John McNally was first assured his place in Irish boxing folklore back in August 1952 when he became the first Irish boxer to win a medal in the Olympics.
John McNally was the first Irish boxer to win an Olympic medal
The west Belfast-born pugilist won the bantamweight silver medal at the Helsinki Olympics.
John lost a disputed split decision to the home-town favourite, Finland's Pentti Hamalainen.
On Friday, 4 January he will be inducted into the Irish Amateur Boxing Hall of Fame at a ceremony in the National Stadium, Dublin.
His achievement put Irish amateur boxing on the world stage and at the
following Olympic Games, held in Melbourne in 1956, Irish boxers went on to claim four medals.
The 74-year-old, began his boxing career at the tender age of 12 when he joined the Immaculata Boxing Club in West Belfast.
He competed in the Ulster Finals and won the Irish Championship in Dublin.
The former boxer, second from left, in the Freemen
His success continued as he later went on to win the Ulster Flyweight title, the Ulster and Irish Bantamweight title and the prestigious Golden Gloves representing Europe in Chicago in 1953.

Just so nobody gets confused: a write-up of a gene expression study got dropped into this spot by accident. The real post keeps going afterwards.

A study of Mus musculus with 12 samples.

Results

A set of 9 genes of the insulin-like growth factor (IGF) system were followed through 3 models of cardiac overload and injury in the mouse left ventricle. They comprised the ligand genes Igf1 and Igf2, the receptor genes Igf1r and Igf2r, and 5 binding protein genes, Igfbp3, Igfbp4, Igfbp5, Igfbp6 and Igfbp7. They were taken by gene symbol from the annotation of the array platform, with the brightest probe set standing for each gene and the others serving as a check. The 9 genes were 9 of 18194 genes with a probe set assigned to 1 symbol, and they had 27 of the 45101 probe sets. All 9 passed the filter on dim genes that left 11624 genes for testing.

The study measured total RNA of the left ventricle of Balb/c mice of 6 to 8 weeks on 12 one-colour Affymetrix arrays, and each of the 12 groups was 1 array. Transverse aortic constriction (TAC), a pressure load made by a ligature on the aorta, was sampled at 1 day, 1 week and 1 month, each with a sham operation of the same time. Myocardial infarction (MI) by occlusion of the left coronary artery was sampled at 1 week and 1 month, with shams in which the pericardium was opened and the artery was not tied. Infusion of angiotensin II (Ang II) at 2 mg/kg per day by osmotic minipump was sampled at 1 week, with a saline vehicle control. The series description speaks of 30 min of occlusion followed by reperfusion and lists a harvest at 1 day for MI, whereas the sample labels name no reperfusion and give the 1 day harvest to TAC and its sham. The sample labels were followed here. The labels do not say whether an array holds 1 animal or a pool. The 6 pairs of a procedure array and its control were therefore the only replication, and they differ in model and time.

John turned professional in 1954, but his career in the paid ranks was not as successful as the one he enjoyed as an amateur. In all he fought 25 professional fights and won 14 of them.
John retired from boxing at the age of just 28 and after hanging up his gloves his career took a dramatic turn.
He enjoyed a successful career as a musician and toured the world with his group The Freemen.
The band played live shows in cities such as Paris, New York, Toronto and Detroit.
Mr McNally with 1992 gold medal winner Michael Carruth
Speaking from his Belfast home he said: "I am very honoured that I will be given the recognition of my peers in boxing by being chosen for the Hall of Fame.
"I have always felt great pride in my achievements and indeed I feel very humbled.
"I cherish the great times that I had representing Ireland and this award has been most welcome."